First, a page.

Some game designs seem more robust than others.
Dominion is a very robust design. They recently reprinted the base game, and replaced six of the original twenty-five cards because they were too underpowered or too situational. What other game could not only survive having nearly a quarter of its components being nearly useless, but manage to sell millions of copies despite this? Maybe we can look at some of the reasons behind this robustness, and learn something that we can apply to our own games.
Underpowered is better then overpowered. If Rebuild had been in the base game, folks would have complained a lot more. It’s a one-card engine that’s basically a must-buy.
High variance adds to robustness. It’s harder to detect a bias in a noiser signal.
Nobody is forced to take a bad card (except through something like Swindler, where the availability of bad cards is arguably a perk). Having a choice available that nobody ever takes are is terrible. The effect is that the designer has wasted some time, and there’s a bit of additional cognitive load. Otherwise, it’s fine. If there’s a whole subgame that’s useless, that’s bad because players shouldn’t have to learn a useless subgame. But if the choice is just one card vs another, it turns out, it’s workable to have a few less-good choices.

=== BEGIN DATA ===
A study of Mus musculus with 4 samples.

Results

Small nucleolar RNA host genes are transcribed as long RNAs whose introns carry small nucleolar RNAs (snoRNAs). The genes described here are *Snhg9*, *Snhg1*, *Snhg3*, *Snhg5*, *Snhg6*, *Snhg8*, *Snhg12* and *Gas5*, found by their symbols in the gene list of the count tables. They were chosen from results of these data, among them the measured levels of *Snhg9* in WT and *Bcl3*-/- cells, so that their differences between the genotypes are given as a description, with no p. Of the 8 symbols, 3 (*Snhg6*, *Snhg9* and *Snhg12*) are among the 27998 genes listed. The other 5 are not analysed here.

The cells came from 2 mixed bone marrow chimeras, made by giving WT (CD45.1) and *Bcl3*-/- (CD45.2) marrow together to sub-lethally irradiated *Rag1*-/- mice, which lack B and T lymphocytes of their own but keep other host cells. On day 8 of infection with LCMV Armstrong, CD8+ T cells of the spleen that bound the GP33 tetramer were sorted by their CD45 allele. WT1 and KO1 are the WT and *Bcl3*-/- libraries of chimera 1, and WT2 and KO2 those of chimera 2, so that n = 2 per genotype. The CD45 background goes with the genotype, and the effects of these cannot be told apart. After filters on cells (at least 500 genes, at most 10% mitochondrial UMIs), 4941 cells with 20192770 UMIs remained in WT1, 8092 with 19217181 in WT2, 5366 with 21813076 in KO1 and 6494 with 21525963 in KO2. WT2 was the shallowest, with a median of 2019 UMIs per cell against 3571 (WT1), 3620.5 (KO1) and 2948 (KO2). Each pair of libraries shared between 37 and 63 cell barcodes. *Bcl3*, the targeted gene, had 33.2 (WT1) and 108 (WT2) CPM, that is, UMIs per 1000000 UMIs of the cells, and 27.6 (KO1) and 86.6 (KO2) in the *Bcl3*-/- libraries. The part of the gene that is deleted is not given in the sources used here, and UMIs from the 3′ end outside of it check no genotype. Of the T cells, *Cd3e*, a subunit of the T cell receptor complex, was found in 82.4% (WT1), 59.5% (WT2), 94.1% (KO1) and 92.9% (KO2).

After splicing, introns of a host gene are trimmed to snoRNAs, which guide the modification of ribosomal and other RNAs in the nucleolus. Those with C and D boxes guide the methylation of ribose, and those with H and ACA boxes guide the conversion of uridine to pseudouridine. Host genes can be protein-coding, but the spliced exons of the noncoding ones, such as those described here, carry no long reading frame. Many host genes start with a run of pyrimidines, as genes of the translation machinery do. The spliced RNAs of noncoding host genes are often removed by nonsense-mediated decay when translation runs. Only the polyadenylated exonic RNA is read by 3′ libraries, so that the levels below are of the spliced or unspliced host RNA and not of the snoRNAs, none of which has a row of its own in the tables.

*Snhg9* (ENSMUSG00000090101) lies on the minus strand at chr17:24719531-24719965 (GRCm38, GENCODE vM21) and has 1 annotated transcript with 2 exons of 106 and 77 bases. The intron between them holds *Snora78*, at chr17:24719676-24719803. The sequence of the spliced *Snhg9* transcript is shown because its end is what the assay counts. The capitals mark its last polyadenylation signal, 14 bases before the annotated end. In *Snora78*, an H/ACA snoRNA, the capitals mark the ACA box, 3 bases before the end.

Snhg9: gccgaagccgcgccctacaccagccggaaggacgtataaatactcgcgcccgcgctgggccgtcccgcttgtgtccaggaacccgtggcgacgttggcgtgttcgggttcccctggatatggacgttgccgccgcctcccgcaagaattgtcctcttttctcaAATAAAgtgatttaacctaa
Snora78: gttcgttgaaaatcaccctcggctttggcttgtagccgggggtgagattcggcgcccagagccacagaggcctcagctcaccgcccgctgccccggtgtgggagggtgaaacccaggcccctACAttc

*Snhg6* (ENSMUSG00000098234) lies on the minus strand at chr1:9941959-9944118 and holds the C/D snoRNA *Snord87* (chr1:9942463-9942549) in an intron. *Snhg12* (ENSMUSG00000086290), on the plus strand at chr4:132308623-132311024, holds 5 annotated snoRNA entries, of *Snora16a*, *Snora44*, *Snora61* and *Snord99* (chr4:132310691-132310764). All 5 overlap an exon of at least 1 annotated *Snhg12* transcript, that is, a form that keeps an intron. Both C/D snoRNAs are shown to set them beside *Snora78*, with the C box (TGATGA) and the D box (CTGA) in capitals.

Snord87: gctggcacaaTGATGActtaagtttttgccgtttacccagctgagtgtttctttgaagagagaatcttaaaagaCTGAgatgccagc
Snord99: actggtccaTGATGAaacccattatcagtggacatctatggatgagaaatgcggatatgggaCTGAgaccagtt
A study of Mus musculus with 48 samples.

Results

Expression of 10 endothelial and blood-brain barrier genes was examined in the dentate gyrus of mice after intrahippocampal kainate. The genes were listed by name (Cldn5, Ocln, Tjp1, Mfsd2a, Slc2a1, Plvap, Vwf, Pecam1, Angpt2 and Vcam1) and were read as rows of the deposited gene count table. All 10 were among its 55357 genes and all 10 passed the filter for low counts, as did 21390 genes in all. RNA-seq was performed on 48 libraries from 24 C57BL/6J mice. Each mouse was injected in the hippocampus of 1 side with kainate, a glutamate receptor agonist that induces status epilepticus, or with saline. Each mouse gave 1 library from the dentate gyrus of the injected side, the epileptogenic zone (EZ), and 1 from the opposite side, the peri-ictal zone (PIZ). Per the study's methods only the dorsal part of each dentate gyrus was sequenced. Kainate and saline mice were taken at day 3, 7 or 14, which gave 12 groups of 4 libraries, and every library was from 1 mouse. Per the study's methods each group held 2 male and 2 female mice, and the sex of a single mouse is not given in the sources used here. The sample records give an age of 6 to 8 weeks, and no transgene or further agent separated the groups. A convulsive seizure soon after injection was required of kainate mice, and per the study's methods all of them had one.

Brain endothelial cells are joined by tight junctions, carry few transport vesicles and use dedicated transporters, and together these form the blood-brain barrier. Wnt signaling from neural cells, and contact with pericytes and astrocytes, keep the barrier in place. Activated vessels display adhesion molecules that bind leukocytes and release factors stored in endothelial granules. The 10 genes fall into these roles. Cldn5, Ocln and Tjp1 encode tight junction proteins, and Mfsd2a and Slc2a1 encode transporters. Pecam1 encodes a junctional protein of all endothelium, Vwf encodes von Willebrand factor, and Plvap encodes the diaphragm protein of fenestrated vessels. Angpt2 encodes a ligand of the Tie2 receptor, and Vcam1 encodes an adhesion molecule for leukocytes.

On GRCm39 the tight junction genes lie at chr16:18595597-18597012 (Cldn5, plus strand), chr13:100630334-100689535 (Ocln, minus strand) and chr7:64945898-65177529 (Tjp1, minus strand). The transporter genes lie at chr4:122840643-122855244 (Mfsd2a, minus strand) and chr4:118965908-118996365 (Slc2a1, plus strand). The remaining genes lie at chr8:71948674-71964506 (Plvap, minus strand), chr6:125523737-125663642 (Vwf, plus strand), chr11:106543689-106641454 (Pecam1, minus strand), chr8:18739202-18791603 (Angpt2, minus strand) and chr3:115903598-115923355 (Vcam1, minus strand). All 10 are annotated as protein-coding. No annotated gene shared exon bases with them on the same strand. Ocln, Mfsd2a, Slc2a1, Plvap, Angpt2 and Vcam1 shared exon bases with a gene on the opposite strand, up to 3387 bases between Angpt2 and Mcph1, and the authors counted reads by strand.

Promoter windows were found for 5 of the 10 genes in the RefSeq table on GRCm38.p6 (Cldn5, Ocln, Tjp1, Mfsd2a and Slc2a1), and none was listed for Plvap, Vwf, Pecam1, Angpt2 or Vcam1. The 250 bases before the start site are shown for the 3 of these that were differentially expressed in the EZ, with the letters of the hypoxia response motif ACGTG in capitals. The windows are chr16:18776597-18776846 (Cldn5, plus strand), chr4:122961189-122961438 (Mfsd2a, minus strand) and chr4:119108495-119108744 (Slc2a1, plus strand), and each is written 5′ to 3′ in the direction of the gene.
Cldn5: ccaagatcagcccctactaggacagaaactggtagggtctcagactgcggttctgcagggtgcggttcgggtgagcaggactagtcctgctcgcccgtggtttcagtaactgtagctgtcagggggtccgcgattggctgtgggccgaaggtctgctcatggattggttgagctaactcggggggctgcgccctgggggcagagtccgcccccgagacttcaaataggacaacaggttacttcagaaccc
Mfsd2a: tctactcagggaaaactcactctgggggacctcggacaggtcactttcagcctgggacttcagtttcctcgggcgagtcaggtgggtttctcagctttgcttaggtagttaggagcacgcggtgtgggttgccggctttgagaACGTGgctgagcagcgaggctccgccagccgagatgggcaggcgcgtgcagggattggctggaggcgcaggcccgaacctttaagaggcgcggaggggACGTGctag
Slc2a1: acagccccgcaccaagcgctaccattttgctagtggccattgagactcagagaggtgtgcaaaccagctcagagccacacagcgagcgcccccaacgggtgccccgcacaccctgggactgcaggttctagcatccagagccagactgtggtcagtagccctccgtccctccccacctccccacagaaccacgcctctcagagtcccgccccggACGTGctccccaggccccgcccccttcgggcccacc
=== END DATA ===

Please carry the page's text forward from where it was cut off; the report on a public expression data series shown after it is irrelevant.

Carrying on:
There are other reasons that Dominion is a great game, but I don’t know if there are other reasons why it’s a robust game.
It’s OK for a game to be less robust. With a less robust design, the flaws in those six Dominion cards might have been discovered during development, and they would not have been printed. But I think that overall, robustness is a virtue. Once a game gets out into the world, players will discover, over the course of many years, how the game ought to be played. A robust game will better survive that experimentation process.